If you were to ask any self-respecting cinephile to compile a list of their top-ten favorite sci-fi movies of the last decade, then there’s pretty much just about one film that’s a sure-fire inclusion on that list: Children of Men. Alfonso Cuaron’s dystopian epic was a masterpiece of the genre, that not only painted a grim picture of a future comprised of humanity’s worst feats, but it also was one of the best made films of the 2000s with cinematography and camerawork that made for chase/action scenes that were as lush as they were exciting. While the film didn’t prove to be a hit at the box office, one would have thought that Alfonso Cuaron’s career would have really taking off after the towering critical acclaim the film received, with rumors popping up over the subsequent years that he might direct a big-budget tent-pole release, with everything from X-Men to Star Wars being brought up. Instead, he would spend the next few years trying to get an original project off the ground…
Gravity is another checkpoint through Cuaron’s recent foray into “hard-sci-fi”, only with a noticeably larger budget than Children of Men, and with even more emphasis placed on the spectacle of it. Set entirely in space (and presented in a narrative structure that’s virtually real-time), the film concentrates on female bio-medical engineer Alex Stone (Sandra Bullock) on her first space shuttle mission. During a spacewalk near the mission’s end when she and veteran astronaut Matt Kowalski (George Clooney) are repairing a space telescope, they receive a warning that debris from a missile strike from a Russian satellite is coming their way. Sure enough, a cavalcade of material come colliding towards them, that cuts off their communication with Mission Control, as well as separates the two in the infinite vastness of space.
It’s easy to see why it took Cuaron quite a long time to get the proper funding for this film. Gravity is a $100 million science-fiction film that basically only has two actors in it, and also has long periods of time where not much happens. Such a film could be seen as an incredibly risky gambit by studio heads, which is possibly why the film’s right were transitioned from Universal Studios to Warner Brothers. That said, I think it probably would only take about 15 seconds of any footage taking from this film in order to convince someone about the potential for success in this film because frankly, Gravity is freaking beautiful! Similar to how Cuaron used his mastery towards filming long takes to give such auteur-ship to Children of Men’s chase sequences, Cuaron has done the same with his digitally rendered image of space. The film’s first 17-minute contain no cuts at all, and it makes perfect sense also (what would he cut to? Another star?), and the film doesn’t become any less lush from that point on. The shots are all pitch-perfectly presented, and Steven Price’s score only augments the film’s beauty and excitement (especially as the film plays it by science-fact rules, and therefore the film lacks sound while in space). The technical craft alone puts this film head-and-shoulders over most other recent film about survival amidst overbearing circumstances.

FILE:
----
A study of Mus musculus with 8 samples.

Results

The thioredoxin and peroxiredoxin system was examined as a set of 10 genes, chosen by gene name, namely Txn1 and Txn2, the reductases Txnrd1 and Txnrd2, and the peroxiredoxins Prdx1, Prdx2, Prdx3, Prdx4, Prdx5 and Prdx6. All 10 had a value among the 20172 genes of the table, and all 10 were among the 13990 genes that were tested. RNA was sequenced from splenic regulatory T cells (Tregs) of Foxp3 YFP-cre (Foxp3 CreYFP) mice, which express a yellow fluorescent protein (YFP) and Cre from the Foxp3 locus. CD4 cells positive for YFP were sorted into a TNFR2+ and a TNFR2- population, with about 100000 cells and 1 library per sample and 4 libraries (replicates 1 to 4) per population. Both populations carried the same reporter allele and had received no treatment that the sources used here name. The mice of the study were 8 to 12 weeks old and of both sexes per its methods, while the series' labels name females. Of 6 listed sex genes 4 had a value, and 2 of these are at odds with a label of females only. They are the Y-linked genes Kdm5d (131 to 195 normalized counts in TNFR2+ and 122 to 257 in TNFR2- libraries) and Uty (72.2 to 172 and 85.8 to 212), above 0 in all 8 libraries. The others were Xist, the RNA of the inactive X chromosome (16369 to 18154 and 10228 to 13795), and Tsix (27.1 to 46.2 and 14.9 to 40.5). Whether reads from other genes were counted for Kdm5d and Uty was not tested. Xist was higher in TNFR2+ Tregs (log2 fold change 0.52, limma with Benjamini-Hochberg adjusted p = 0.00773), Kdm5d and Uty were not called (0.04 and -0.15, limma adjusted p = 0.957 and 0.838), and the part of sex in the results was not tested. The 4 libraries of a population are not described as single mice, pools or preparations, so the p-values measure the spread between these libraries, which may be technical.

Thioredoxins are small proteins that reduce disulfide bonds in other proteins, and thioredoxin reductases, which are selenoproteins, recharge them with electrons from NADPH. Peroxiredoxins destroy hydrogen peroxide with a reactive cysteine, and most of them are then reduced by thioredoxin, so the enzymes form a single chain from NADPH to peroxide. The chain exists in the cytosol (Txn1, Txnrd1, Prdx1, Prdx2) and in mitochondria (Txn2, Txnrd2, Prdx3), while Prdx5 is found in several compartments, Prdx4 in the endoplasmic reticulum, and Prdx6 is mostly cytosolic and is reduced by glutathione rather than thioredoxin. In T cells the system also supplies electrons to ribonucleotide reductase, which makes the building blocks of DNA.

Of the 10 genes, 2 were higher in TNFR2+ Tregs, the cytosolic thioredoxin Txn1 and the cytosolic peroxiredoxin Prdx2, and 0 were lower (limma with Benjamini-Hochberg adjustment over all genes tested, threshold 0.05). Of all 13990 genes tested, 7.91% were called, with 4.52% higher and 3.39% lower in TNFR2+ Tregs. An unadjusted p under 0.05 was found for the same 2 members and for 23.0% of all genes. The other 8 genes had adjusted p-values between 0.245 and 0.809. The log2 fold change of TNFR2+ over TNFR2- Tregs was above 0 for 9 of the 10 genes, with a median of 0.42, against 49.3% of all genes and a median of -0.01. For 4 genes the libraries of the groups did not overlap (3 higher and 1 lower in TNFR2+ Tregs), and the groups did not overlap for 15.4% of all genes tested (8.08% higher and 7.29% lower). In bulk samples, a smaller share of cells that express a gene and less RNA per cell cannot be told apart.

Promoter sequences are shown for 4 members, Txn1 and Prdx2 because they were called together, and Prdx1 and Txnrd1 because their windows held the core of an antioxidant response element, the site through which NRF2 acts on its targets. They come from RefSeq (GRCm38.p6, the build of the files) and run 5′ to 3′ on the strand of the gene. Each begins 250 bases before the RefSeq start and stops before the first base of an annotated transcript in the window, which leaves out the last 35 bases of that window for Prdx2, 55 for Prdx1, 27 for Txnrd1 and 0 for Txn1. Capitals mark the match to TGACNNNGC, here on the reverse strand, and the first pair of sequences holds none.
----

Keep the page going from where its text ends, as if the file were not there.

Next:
In terms of human magic, however, Gravity isn’t as flawless. While it’s clear that Cuaron is trying to have us emphasize with the characters plight, such as having witty dialogue between Alex and Kowalski, and including a sub-plot about how Alex has been grieving over the accidental death of her daughter, it isn’t too unfamiliar from other such films. In fact, there are more than a few tropes here that are common-place for such thrillers, and it actually downplays the film’s attempts at conjuring up a spiritual sense. None of this is done in an overtly maudlin fashion, nor does it hurt the film’s vision, but it’s quite upsetting when one realizes that the film would be rather mediocre without the spectacle. Also, in terms of acting, while Bullock and Clooney are both fine in their roles, you can tell Cuaron wasn’t so interested in making this film an acting showcase. This is fine of course for a movie that has this much meticulous attention paid to conjuring up it’s veneer and status as a one-of-a-kind experience.
Gravity isn’t likely to go down in history as being as revered a film as some other films about deep space exploration, such as 2001: A Space Odyssey or Solaris(referring to the Tarkovsky original). For one, it’s plot is too skeletal, and secondly it’s no where near as philosophically dense as those two films, despite hitting all the necessary symbolism watersheds (gotta love the fetal position!). If not quite an instant-classic though, Gravity is undeniably a must-see on the big screen, and it’s really a cinematic experience that only happens once in a great while. It’s a vivid showcase of what expert contemporary film making can do with a gigantic budget, that feels so genuine and original, while in essence being pure popcorn entertainment as well. Only time will tell if the film will be as breath-taking on our blu-ray players, but for right now it’s gorgeous to now end on the big-screen, and might actually be one of the few films that I really recommend seeing in 3D as well.